Red Card: Saudization in Professional Soccer
In Saudi Arabia, soccer teams are trying to avoid the “red zone” as new labor policies take hold.
December 15, 2014In soccer, players try to avoid getting a red card. In Saudi Arabia, soccer teams are trying to avoid the “red zone.”
In the last two years, Saudi Arabia has been implementing a labor policy meant to encourage companies to hire Saudi nationals. Known as “nitaqat,” or “zones,” the policy divides private sector companies into different-colored categories depending on how well they meet predetermined targets for “Saudiizing” their workforce. Green companies are doing well, yellow companies get warnings, and red companies face sanctions for missing their targets—including a ban on hiring new foreign employees.
Saudi soccer clubs, like many soccer teams around the world, have a number of foreign players and coaches. They argue that fielding an international squad and hiring foreign coaches is part of what it means to play competitive soccer. Some also argue that they should not be subject to the law at all, as they are public sector entities (although plans are underway to privatize them in an effort to boost the quality of play and facilities).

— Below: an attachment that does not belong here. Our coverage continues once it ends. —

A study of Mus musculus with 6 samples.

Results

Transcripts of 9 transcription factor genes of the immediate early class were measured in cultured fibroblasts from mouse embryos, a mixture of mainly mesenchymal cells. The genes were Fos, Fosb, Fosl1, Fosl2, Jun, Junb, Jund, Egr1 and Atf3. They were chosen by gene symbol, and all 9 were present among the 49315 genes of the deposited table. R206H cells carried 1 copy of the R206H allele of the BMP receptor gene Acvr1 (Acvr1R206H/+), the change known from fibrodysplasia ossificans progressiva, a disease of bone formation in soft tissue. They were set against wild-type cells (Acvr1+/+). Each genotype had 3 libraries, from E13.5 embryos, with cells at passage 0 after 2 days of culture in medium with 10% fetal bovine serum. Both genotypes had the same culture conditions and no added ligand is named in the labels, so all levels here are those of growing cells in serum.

To respond to the sanctions, clubs have resorted to the sorts of actions that many private sector companies have pursued in the Kingdom: creating extraneous jobs for Saudis in order to decrease the percentage of foreign workers, and having players enter the Kingdom on tourist visas rather than work visas.
Some say “soccer is life,” and judging by employment law in Saudi Arabia, that description is not too far from the mark.
This piece is a part of Mezze, a monthly short article series spotlighting societal trends across the region. It originally appeared in the Middle East Program's monthly newsletter, Middle East Notes and Comment. For more information and to receive our mailings, please contact the Middle East Program.